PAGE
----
Europe’s largest floating solar panel array with the capacity to provide power to around 1,800 homes is currently being installed near London.
The project comes as Thames water – which supplies water to most of London and the South of England – pledged to support the objectives of the Paris Agreement on climate change to limit the global temperature rise to less than 2°C, with a target to self-generate 33 per cent of its own power by 2020.
Solar companies Ennoviga Solar and Lightsource are involved in development and installation of more than 23,000 solar photovoltaic (PV) panels that will be floated on the Queen Elizabeth II reservoir near London. It is anticipated that the installation will be completed this month.
The floating pontoon will cover around a tenth of the reservoir – enough to fill eight football pitches. The energy produced will be used to help power the nearby water treatment works putting downward pressure on customer bills. It will have a total installed peak capacity of 6.3 megawatts and is expected to generate 5.8 million kilowatt hours in its first year – equivalent to the annual consumption of around 1,800 homes.
Lightsource is managing the installation of the project. The company will oversee the deployment of more than 61,000 floats and 177 anchors, which will provide the floating platform for the solar array.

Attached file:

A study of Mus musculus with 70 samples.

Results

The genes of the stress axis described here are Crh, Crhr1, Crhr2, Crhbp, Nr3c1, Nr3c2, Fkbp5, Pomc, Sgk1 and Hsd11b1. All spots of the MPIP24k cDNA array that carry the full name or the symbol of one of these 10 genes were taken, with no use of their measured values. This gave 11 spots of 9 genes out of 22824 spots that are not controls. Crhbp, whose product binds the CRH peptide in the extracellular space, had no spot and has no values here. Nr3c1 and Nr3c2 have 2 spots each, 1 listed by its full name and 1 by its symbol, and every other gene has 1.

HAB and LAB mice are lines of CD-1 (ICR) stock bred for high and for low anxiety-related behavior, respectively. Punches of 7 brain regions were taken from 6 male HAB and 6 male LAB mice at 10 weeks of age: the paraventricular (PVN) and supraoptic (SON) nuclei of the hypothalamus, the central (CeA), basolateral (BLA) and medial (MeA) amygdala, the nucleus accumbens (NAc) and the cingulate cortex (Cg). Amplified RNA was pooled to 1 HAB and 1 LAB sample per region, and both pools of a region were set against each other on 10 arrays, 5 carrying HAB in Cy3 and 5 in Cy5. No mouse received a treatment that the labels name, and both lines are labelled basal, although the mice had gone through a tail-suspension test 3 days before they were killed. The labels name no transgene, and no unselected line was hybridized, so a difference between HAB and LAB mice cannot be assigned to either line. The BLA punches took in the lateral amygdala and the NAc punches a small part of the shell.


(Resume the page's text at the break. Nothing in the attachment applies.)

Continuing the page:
'Over the last five years we’ve successfully completed ground and roof installations of all shapes and sizes, but this project has some obvious differences and has presented our team with a set of fresh challenges to overcome,’ said Nick Boyle, CEO at Lightsource. ‘There is a great need from energy intensive industries to reduce their carbon footprint, as well as the amount they are spending on electricity and solar can be the perfect solution. We’re therefore constantly evolving new skill sets to ensure that all of our projects deliver maximum energy generation over the lifetime of the installation.’
The Queen Elizabeth II reservoir was commissioned in 1962 and has a capacity of 19.6 megalitres of water with a surface area of 128.3 hectares and a perimeter of 4.3km. Thames Water currently has solar panels on 41 of its sites.